Wednesday, April 16, 2014
Guest blogger: Tadios Belay. master of laws student (LLM), University of San Francisco
A few months ago, I had a chance to interview an immigrant from Burma who left his country of origin at the age of eleven. This is an incredible story of a young and hardworking Burmese immigrant who came to the United States all the way from his small village in Northern Burma, first going to a refugee camp in Thailand, then to the United States.
Aung (a pseudonym), a member of the Karen ethnic group from Burma, came to the United States five years ago. Aung was the youngest in his family. Before Aung came to the United State, his small village was caught in the middle of an intense civil war between the Burmese soldiers and the Karen rebels, members of the Karen Union Army. The tension between the Karen community and the Burmese majority traced back since the time of its independence from the British in 1948. The Karen Union Army has been fighting the Burmese government since 1949, making this fight the world’s longest civil war.
Aung and his family were subject to regular harassment and intimidation by the Burmese security forces because of their ethnicity. He was not allowed to attend school or speaks his mother tongue language because of his father’s involvement in the Karen Union Army as a medical doctor and freedom fighter.
In 1997, the battle broke out in his village, Burmese soldiers came to their house, beat up two of his uncles, tied them, and took them to an unknown place. Burmese soldiers were everywhere, forcing the villagers to work for them, then killing his uncles and other villagers after a few days.
Late one night, Aung’s father and other Karen rebels announced to the family that they would have to leave the village. Aung had no idea where his family and other villagers were going; they all started walking east toward the border of Thailand. The journey to Thailand was very long, tiring and took a couple of weeks on foot. By then, they were out of food. They arrived at a refugee camp just across the border in Thailand.
Though his father accompanied them up-until their arrival to the refugee camp in the border area of Thailand, Aung’s father did not stay in the refugee camp; he returned to Burma. The family applied for refugee status that was approved after more than eleven years in the camp. “Living in the camp is like being a bird in a cage, without freedom and opportunity” Aung said.
Aung and his family arrived in the United States as part of a refugee resettlement program in 2009. Aung recalls his first experience in the United States: “Even though I had thought about it for a long time, arriving in such a new and very different place was a shock. I had so much to learn. Everything was new.” When he arrived in the United States, the International Rescue Committee helped to arrange for housing and food. Similarly, the International Rescue Committee helped Aung apply for a social security card, taught him how to open a bank account, and take the bus. Within three months of his arrival in the United States, he got a job at a Chipotle Mexican Grill.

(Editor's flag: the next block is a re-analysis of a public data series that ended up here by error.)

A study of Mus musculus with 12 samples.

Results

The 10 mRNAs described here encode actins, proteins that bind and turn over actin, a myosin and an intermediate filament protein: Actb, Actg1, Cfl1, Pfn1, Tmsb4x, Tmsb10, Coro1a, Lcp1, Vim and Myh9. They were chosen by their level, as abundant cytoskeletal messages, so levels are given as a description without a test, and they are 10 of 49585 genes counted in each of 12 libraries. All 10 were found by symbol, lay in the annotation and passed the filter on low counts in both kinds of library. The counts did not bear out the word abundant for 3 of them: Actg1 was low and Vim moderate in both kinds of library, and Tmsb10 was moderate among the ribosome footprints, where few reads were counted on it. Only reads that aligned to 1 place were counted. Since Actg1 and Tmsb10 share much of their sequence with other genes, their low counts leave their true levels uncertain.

Aung was a very hard working immigrant and his work eventually paid off. He progressed quickly and the company offered him a better position. He was eventually promoted to General Manager in the company. Aung views the United States as “ a land of opportunity, and I have so many to thank for it. I thank God, for letting me survive out of the civil war and come to the United States.”
Aung recently moved to the New York and lives in New York City. He got engaged and has applied to be a U.S. citizen; the process should take a few weeks. Aung is leading a happy life along with his fiancee. Currently, he is as a sales manager and goes to school part time. Aung is very thankful for the opportunities he enjoys in the United States, especially compared to his traumatic and challenging life experience at the refugee camp. He now has the opportunity to enjoy basic rights and freedoms, including the right to work and freedom of movement.
Aung’s experience illustrates how the U.S. refugee and asylum policies affect the lives of refugees. His example also shows the American public the benefits of being at the forefront of humanitarian crises by admitting the people most in need of resettlement.
However, for the United States to remain a haven for truly persecuted people like Aung, the country’s refugee protection system has to be more accessible and responsive to the increasing demand of most vulnerable refugees across the world. Currently, the refugee protection system many be generous, but the refugee resettlement program faces significant challenges, such as very tight security checks and inadequate coordination between the U.S. government and nongovernmental organizations. Getting input from refugees like Aung as well as refugee assistance organizations would be helpful in improving the system.